Cathrea's 'bubble' mentality yields low-am honors
Sunday, June 30, 2013
SOUTHAMPTON, N.Y. It is nearly impossible to miss Casie Cathrea on the golf course. The 17-year-old committed to Oklahoma State University in the fall of 2011, and shortly thereafter began wearing bold punches of Cowgirls orange.
On Sunday, that meant day-glo orange shorts and a dinner-platter sized OSU belt buckle. In her first U.S. Women’s Open start, Cathrea finished as the low amateur, and that’s mostly because of a final-round 70 at Sebonack Golf Club. It was her first sub-par score of the week, and still included bogeys at Nos. 17 and 18.
Cathrea was one of two players to shoot 70 Sunday. It was the lowest final-round score. Cathrea made five birdies in the first eight holes, then bogeyed the ninth. She added seven more pars before reaching No. 17.
“I was just trying to stay in my own bubble, not get ahead of myself,” Cathrea said. “I know I had the tendency to do that earlier this week. I tried to just stay in my own little mindset.”
Cathrea closed the week at 9-over 297, two shots ahead of World No. 1 amateur Lydia Ko, an accomplishment in itself.
During the past year, Cathrea has turned increased attention to her putting during practice. It paid off on Sebonack’s quick, undulating greens.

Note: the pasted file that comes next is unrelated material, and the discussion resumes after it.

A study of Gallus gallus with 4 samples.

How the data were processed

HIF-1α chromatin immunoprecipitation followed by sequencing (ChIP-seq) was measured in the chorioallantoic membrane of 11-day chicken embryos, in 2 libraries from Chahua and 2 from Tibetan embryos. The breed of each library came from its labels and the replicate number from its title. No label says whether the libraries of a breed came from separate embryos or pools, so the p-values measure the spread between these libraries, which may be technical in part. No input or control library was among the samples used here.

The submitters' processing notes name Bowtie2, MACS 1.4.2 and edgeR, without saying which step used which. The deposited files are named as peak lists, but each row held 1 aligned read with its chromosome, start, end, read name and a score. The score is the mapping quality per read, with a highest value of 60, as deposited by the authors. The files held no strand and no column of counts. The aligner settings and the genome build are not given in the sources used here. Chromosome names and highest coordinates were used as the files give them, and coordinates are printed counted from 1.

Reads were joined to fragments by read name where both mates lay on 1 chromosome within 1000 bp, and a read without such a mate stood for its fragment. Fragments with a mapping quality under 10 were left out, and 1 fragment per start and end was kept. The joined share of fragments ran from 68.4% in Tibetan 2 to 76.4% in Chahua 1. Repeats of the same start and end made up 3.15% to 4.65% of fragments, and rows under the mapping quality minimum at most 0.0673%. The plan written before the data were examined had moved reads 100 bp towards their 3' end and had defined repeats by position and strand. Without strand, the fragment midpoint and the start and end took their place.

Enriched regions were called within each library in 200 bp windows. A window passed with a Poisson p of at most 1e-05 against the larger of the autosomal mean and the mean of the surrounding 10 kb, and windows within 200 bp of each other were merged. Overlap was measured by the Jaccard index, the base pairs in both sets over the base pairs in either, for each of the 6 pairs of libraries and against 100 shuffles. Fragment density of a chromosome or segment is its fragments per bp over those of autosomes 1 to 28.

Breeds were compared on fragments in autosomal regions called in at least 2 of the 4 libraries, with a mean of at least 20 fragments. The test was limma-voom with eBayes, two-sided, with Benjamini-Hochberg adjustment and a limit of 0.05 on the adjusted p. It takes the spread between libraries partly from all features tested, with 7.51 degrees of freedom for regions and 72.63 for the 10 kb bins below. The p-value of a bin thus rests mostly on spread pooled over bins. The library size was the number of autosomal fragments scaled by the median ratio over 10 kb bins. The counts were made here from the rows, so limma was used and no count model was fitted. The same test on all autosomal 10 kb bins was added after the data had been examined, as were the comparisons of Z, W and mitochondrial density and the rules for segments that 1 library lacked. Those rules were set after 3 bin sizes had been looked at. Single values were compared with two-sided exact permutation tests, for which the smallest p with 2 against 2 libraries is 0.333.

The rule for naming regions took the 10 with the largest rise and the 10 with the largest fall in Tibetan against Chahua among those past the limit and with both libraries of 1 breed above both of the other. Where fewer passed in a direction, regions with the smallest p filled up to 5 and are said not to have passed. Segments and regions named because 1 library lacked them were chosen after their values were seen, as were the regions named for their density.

Before this week, Cathrea had only ever played in the Northeast one time, when she won the inaugural Women’s Porter Cup on June 14. Cathrea, a Northern California native, said the biggest adjustment this week was learning not to fire at every pin. That was a hard lesson for Cathrea, generally an aggressive player, but it sunk in quickly. Cathrea shot 79 in Round 3 before her returning her Sunday 70.
“I figured today just to go out and play the sections of the green and act like the pin wasn’t there,” she said. “I practiced in the fog this morning and it was basically like there was no pins on the range for me.”
Cathrea will leave Sebonack a little more wise, a little more battle-hardened. Her next great learning curve likely occurs in August, when she arrives in Stillwater, Okla., officially a collegiate golfer.